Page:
Have you been feeling a bit overwhelmed recently with a feature-rich mobile smartphone? You’re not alone. As media consumption on mobile devices increases, you derive less pleasure. It’s an economics law called diminishing marginal utility.
Basically, the law claims that people become more dissatisfied as they consume more of a product or service. Investopedia uses an “all you can eat” buffet restaurant” as an example:
“… say you go to a buffet and the first plate of food you eat is very good. On a scale of ten you would give it a ten. Now your hunger has been somewhat tamed, but you get another full plate of food. Since you’re not as hungry, your enjoyment rates at a seven at best. Most people would stop before their utility drops even more, but say you go back to eat a third full plate of food and your utility drops even more to a three. If you kept eating, you would eventually reach a point at which your eating makes you sick, providing dissatisfaction, or ‘dis-utility.'”
The same is true of mobile smartphone media consumption.
Media Consumption Rises – Satisfaction Falls
As mobile smartphone owners gobble up more content, their perceived utility (or quality) of the content drops. While quality is partially based on mobile device type, media content quantity determines utility or satisfaction.
Surprised? Remember watching your first YouTube video on a mobile phone. You probably enjoyed it. Now think about the last few YouTube videos you’ve seen. Were you as satisfied? Probably not because you over-consumed. You came back for seconds and thirds like the buffet restaurant customers. That’s why in the early days of YouTube, it was easier for someone’s video to go viral. Now everyone’s expectations of quality has risen because we’ve over-consumed.
When the carriers began offering unlimited data plans, especially after release of the iPhone, few understood iPhone user behavior. Then AT&T realized that iPhone mobile smartphone customers were consuming 40% of total network bandwidth. iPhone folks became the third and fourth plate buffet restaurant customers, surfing the Web, watching YouTube videos and streaming Pandora Internet Radio.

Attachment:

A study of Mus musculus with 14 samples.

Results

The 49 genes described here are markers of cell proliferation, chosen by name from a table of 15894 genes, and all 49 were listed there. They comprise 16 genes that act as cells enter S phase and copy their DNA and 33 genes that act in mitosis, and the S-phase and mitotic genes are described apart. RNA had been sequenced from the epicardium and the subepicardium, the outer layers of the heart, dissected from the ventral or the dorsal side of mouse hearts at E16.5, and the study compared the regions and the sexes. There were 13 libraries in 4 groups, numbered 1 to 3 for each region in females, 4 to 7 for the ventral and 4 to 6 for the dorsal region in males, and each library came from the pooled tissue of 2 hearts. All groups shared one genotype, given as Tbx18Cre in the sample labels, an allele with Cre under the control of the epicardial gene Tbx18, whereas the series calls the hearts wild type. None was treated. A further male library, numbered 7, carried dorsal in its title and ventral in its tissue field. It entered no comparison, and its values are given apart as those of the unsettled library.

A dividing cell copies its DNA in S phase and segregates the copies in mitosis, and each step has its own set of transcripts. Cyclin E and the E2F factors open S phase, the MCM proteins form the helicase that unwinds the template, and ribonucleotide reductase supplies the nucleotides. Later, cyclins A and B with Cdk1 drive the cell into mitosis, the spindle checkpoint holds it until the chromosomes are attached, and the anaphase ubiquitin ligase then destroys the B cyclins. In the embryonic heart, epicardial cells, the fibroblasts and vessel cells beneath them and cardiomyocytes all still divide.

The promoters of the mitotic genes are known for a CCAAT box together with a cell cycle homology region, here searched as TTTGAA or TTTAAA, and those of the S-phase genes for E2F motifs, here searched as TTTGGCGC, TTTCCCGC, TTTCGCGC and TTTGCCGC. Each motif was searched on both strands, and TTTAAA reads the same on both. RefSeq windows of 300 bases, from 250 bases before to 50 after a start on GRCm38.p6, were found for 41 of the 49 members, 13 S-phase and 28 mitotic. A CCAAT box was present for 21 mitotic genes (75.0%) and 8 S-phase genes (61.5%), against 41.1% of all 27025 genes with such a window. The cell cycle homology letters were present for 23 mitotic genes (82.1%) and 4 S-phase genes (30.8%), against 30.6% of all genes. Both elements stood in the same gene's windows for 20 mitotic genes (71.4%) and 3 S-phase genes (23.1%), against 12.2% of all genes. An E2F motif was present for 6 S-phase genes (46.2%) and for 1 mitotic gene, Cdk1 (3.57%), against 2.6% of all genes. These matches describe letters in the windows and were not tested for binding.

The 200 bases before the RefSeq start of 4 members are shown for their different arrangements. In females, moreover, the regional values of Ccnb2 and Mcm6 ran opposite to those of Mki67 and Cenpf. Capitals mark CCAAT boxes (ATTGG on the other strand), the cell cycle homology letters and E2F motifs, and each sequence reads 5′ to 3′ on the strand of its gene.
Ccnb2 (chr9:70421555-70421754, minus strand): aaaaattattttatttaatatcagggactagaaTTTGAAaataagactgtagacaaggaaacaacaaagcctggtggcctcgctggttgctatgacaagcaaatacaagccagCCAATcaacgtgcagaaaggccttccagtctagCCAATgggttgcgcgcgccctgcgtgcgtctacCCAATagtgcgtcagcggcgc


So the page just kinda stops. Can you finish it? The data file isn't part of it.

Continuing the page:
Now that Android phone penetration exceeds the iPhone, all four major U.S. carriers are experiencing rapid increases in network usage, primarily due to consumer demand for streaming multimedia. In other words, the Android folks are also enjoying returning for seconds and thirds at the buffet restaurant. Diminishing marginal utility.
Mobile Smartphone App Growth Explodes
When mobile phones only offered basic software for making phone calls, texting and accessing WAP sites, data overhead and media consumption were very low. Now Mobile smartphone users launch apps–news and information, social networking, games and utilities–which use enormous amounts of data. They’re now 250,000 Apple, 95,000 Android and 10,000 BlackBerry apps. Yet the average phone user only installs and keeps between 25-30.
Similar to the YouTube example, however, diminishing marginal utility (quality) applies to smartphone app users too. The Android market is a good example. Many feature phone customers have recently switched to the new OS and started downloading dozens of mobile apps. As consumption (quantity) rises, perceived value drops. Android phone users are eating at the same buffet restaurant and returning for third and fourth plates.
So the raging “more apps, the better” is clearly wrong. If it were true, every mobile smartphone user would load and keep dozens of apps and marginal utility would rise.
To prevent diminished marginal utility, mobile users should reduce overall media consumption.